Myths are preconceived notions we have about something. These assertions are mostly false arising out of outdated knowledge, lack of information, or misinformation. Continued belief in these myths however may rob us of great opportunities!
Corporate training has gradually become a more mainstream business practice in recent years as many companies have faced high rates of employee attrition and a paucity of talent. However many organizations still regard employee upskilling as unnecessary as they think it is an extra cost without any quantifiable returns/results.
Some organizations, on the other hand, may trust only their in-house method of employee training and are unwilling to try other alternatives. Such misconceptions have cost many organizations many valuable employees, reduced productivity, and dwindled profits.
Below we address some of the most popular myths about employee training. Read on to find out!
Training Only Involves Traditional Instructor-Led Classes
While the ever-familiar classroom-based training is still offered by many corporate trainers, those are not the be-all and end-all of employee upskilling. Gone are the days when training consisted of employees showing up at workshops and listening to lectures. According to the 70:20:10 learning model, employees learn the most when on the job (70%) and through interacting with others (20%). Examples include being tutored by a mentor, watching a recommended video, participating in community discussion in the LMS, etc. The remaining 10% comes from planned training courses.
Training Is Only For New Employees
Training is undoubtedly important for recruits, especially during the onboarding phase when the employee needs some handholding to be familiarized with their job and the organizational culture. However, even senior staff needs to undergo training so that they can stay at the top of their game. One of the main objectives of L&D programs is to help the workforce stay motivated and productive. Moreover, training may also help employees reach their personal career advancement goals.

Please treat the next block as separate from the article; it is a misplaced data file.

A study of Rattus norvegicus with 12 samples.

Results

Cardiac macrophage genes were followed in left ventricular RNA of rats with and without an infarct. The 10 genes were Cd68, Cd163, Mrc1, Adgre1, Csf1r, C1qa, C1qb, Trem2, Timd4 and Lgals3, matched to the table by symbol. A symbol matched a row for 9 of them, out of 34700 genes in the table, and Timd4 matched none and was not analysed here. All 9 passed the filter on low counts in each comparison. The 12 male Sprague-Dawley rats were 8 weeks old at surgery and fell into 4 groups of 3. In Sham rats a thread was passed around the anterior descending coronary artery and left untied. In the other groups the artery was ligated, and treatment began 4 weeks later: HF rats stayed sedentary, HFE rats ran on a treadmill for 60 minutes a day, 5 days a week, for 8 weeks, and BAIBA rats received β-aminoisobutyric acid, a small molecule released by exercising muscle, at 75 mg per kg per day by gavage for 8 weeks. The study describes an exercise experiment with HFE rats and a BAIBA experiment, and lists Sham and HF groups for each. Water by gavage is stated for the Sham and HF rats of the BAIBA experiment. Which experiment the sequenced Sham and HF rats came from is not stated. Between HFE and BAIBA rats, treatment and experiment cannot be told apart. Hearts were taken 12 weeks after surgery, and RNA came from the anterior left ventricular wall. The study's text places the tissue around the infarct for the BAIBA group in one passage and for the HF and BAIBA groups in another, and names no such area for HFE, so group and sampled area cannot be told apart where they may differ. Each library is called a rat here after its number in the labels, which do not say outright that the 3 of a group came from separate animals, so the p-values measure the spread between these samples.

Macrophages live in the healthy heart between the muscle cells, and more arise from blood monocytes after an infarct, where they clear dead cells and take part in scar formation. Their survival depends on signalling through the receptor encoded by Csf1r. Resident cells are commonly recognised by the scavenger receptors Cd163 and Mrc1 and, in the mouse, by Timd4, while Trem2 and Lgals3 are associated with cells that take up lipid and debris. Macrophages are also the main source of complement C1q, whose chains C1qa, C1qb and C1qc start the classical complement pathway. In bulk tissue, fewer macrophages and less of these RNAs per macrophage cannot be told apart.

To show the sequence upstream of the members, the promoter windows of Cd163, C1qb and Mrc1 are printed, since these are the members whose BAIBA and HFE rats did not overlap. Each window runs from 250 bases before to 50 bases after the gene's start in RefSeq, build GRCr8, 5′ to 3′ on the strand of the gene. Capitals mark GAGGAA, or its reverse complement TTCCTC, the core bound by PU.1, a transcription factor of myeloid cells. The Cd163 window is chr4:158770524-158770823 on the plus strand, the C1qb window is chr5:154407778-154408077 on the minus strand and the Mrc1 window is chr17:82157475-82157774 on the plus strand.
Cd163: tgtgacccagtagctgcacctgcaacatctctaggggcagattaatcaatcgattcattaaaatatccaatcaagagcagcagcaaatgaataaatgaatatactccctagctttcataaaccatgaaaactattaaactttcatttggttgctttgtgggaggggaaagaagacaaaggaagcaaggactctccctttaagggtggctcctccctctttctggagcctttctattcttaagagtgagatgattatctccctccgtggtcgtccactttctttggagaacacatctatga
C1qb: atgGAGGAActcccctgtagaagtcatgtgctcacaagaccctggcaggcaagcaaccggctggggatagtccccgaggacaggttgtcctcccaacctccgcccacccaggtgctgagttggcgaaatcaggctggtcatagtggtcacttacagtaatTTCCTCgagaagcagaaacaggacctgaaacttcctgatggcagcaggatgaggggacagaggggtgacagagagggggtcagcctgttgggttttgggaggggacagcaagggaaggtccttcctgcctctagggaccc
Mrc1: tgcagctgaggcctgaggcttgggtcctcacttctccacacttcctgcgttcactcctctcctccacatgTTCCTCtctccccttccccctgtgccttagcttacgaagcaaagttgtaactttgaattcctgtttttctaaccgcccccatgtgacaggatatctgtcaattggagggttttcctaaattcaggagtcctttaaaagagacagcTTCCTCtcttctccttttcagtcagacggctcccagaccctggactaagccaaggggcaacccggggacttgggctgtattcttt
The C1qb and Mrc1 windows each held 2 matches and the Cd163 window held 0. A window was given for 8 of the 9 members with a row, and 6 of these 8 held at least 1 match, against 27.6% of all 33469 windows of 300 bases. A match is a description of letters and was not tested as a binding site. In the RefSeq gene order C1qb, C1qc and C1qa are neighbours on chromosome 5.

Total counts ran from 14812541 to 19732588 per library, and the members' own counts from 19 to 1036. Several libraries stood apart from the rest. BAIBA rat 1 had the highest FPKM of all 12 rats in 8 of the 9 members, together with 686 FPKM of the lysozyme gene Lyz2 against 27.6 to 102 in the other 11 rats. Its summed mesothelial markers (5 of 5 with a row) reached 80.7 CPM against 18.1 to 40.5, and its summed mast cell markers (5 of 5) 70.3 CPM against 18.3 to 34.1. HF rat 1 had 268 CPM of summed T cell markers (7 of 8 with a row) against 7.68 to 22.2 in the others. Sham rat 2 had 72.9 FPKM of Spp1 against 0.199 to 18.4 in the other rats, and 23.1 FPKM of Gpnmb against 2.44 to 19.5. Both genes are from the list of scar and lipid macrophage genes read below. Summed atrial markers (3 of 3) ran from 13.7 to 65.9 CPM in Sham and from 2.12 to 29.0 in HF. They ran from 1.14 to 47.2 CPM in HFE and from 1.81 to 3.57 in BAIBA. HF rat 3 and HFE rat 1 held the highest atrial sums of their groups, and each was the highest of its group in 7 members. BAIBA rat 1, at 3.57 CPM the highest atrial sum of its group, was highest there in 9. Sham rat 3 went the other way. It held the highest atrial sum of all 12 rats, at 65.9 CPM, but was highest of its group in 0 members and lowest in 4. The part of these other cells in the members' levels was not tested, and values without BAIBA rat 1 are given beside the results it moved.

Online Training Is More Expensive
While it is true that e-learning may have a high initial developmental cost it can help save up a lot of expenses in the long run for your organization. Here are the costs you can avoid if you make training mostly digital:
• Instructor traveling costs. The traditional classes/workshops involve traveling expenses of trainers/instructors.
• Printing costs. A lot of expense is involved in printing books, pamphlets, etc. In online training, content can be shared through pdf, Word files, videos, etc which costs little to no money.
• Venue rent/meal expenses etc.
Employee Won’t Be As Engaged/Sincere if Learning Remotely
Many leaders worry that there would be higher rates of employee absenteeism if training goes completely remote. However such fears can be set to rest by creating a culture where continuous learning is normalized and expected. Employees should be expected to dedicate a portion of their office hours to complete modules. You can also track individual employee progress through a Learning Management System LMS.
It is Difficult to Evaluate the Success of Online Training
Many training programs come with inbound gamification elements like point systems, and levels. Many also offer digital credentials. Employers can analyze levels completed, points accumulated, badges won or credentials gained to assess how much progress the employee has made in the training.
It’s Important to Follow L&D Trends Blindly
L&D trends especially technological innovations can be useful when it comes to making the learning process more effective and user-friendly. But what is most important and will remain the main priority, is if an L&D initiative meets your organizational needs like skill deficits and can add value to your business. The most sophisticated training software or course will amount to nothing if it cannot be aligned with your business goals.